Australian Federal Police boss Andrew Colvin is considering what work the force will cut to meet its budget next year.

The AFP has run $27.2 million over budget this year due to the elevated national security risk.

The force has put on 80 more staff than set out in the budget papers, with its total workforce costing about $10 million more than anticipated.

Its additional supply costs – which underpin the technologies and systems used in field operations – have cost $9 million more than expected.

An enterprise agreement struck with AFP staff also stung its budget another $7.5 million.

The AFP will receive an extra $22.1 million in the next financial year, $5 million less than it overspent this year.

Labor senator Penny Wong quizzed the commissioner about how the AFP would meet its budget.

“Generally, my experience and I’m sure yours is, costs don’t tend to go down over a year,” Senator Wong said.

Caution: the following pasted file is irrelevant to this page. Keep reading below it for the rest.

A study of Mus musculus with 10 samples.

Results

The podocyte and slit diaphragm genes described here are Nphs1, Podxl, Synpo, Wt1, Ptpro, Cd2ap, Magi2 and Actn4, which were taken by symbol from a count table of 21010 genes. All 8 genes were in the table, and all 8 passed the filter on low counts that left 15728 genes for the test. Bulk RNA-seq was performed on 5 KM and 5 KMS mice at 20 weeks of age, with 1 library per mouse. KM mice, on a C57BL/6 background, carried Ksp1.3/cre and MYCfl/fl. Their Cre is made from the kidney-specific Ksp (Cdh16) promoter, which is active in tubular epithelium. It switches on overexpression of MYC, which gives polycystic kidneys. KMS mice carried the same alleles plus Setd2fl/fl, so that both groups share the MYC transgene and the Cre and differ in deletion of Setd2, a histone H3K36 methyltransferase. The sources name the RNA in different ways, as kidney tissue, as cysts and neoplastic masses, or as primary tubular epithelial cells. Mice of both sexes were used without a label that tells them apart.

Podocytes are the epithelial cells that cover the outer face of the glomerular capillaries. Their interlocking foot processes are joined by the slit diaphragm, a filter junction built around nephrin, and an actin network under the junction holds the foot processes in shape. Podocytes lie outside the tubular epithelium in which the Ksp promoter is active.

“Can you tell me how you’re not going to be in the same position of either having to overspend because there’s been insufficient allocation, or having some of the difficult decisions the commissioner has described previously about changes to your operational priorities.”

Mr Colvin said the AFP would need to reduce its costs to come in under budget.

“There are options we will need to think about in terms of work that we will not be able to do,” he said.

“I have a number of levers at my disposal to pull in terms of recruitment, for instance, around my unit costs, around my operational output.”

The AFP will have its funding trimmed by $205 million over the next four years, compared against its existing funding levels.

A range of programs are due to lapse or terminate over the next few years, including funding tied to an Asia-Pacific meeting in Papua New Guinea later this year and a finalised mission in the Solomon Islands.

“With all of those measures there are ongoing discussions about renewing programs, transferring them to new programs, adjusting the programs,” Mr Colvin said.

“Each measure will be a separate discussion with government.”